In the play Inherit the Wind by Jerome Lawrence and Robert E. Lee, the two main characters, Drummond and Brady have different opinions on how humans arrived on earth. Drummond supports the evolution theory, while Brady, the creation theory. The book, which is the Broadway play’s script, is based on the 1925 Tennessee vs. John Thomas Scopes trial. The trial itself had a series of conflicts, the main one being evolution vs. religion, yet there was a series of tensions throughout the trial, including questions of collective vs. individual rights and academic vs. parental concerns. The same plot is told in the play, furthermore, the conflicting ideas of creation and evolution lead to different aspects of the debate, and the right to freedom of speech.
In the town of Hillsboro, the debate between creation and evolution is blown out of proportion. First, the townspeople react almost violently to Cates’ teaching of the evolution theory. For example, when Cates is arrested, he is called names and is threatened to be killed by the townspeople. Also, Reverend Brown’s prayer meeting influences people to wish horrible things to Cates as Brown portrays him as the devil and asks that his soul “writhe in anguish and damnation” (66). While all the townspeople, including her father have negative attitudes toward Cates, Racheal is the only one who stands up for Bert. Being his girlfriend, she knows he is telling the truth. Like a message from God, Brady came to defend the town’s belief of creation. Brady is like a God to the town, being a self proclaimed expert on the bible. Also, his political background has a lasting impact on the townspeople, giving that they all voted for him in three presidential elections. Additionally, Rachael tries to explain Bert’s ideas to Brady, but he twists them around and uses them for his own needs in the trial.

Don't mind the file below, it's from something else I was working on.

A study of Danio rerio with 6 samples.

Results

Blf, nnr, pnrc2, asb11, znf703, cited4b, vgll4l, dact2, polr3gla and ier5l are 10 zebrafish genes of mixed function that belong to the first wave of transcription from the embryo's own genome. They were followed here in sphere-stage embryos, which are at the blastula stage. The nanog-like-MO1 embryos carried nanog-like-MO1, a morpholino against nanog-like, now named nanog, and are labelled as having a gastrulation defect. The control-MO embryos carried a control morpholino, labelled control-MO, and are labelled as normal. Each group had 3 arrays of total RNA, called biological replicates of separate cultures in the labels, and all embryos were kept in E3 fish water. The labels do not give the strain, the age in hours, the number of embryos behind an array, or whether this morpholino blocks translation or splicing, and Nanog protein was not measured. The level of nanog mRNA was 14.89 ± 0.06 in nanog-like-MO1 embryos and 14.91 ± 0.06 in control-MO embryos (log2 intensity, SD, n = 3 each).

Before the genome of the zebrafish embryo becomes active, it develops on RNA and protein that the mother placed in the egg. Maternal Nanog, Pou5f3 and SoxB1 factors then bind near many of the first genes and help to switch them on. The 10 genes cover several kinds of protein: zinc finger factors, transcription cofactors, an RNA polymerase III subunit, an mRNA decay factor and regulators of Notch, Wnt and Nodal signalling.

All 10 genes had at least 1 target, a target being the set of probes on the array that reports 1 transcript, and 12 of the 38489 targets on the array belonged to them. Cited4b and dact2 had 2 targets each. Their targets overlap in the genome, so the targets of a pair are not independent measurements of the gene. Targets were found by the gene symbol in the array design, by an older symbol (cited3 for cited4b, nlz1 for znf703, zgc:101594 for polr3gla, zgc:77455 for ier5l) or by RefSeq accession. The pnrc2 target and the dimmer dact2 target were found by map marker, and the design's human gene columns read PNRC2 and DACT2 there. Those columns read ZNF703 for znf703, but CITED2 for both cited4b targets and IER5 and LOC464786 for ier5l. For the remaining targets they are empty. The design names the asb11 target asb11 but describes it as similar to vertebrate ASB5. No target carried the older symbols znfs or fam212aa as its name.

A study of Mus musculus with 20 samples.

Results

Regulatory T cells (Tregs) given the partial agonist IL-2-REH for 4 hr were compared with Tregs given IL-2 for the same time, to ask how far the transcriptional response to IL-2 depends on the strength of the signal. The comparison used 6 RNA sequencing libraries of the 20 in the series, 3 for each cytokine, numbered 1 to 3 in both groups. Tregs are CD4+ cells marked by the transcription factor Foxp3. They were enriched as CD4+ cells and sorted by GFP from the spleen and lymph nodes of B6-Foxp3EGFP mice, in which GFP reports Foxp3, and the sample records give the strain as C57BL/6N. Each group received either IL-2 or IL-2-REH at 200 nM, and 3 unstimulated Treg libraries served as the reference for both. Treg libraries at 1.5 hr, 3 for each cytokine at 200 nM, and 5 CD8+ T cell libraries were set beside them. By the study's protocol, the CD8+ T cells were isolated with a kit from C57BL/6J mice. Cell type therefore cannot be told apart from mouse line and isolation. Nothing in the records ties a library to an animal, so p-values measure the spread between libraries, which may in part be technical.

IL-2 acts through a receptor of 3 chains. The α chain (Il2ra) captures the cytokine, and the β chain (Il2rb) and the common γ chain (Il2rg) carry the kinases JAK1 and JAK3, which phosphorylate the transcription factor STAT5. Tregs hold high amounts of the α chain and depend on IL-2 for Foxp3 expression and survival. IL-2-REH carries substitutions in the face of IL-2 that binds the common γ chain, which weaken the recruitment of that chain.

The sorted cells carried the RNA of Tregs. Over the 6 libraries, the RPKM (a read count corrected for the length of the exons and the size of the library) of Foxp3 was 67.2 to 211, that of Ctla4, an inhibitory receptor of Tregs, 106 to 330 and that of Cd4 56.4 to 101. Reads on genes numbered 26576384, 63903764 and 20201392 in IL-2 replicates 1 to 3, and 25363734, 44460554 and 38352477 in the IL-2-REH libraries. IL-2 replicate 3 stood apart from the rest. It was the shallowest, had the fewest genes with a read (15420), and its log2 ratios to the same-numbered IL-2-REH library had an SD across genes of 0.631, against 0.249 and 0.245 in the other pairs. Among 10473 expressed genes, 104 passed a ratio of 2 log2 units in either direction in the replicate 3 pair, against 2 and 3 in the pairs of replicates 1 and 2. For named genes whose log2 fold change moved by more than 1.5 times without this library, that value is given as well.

Henry Drummond has taken the case not only to defend Bert Cates but to defend the right of an individual to think for him or herself. First, the court rejects Drummond’s original defense, but he then comes up with an idea that might convince the jury. First, Drummond tries using professional scientists as defending witnesses but the judge rules them irrelevant to the case. Then Drummond argues that “a man is on trial, a thinking man” (p 72) referring to Cates’ who took it into his own hands to speak or teach what he speaks. After being denied at all costs Drummond decides to use the only thing he has left to defend Cates, the bible. Drummond defeats Brady by using examples from the Bible that oppose to relative thinking. For instance, he questions the passages about Jonah being swallowed by a whale, and then argues that whales do not eat humans. Drummond argues another passage that a human made the sun stand still. Brady agreed that the sun did stop when that’s impossible because if that really happened then “the earth stopped spinning on its axis; continents toppled over each other, mountains flew out into space. And the earth, arrested in its orbit, shriveled to a cinder and crashed into the sun” (89) which Drummond says the bible left out. Last, Drummond and Brady agreed that the sun was made on the fourth day but Drummond then stated that the length of those three days can’t be determined because there was no sun and therefore, no set length of revolution and rotation of the earth. He argued that the length of those days “could have been thirty hours! Or a month! Or a year! Or a hundred years! Or ten million years” (98). He clarified Darwins theory that it took ten million years for man to evolve, and then in the same way proved that one of the days written in the bible could have been ten million years long.
In conclusion, Brady and Drummond did not resolve the ideas in conflict but I think the point Drummond stated about the length of a day put the whole evolution and creation debate into perspective, the best for me.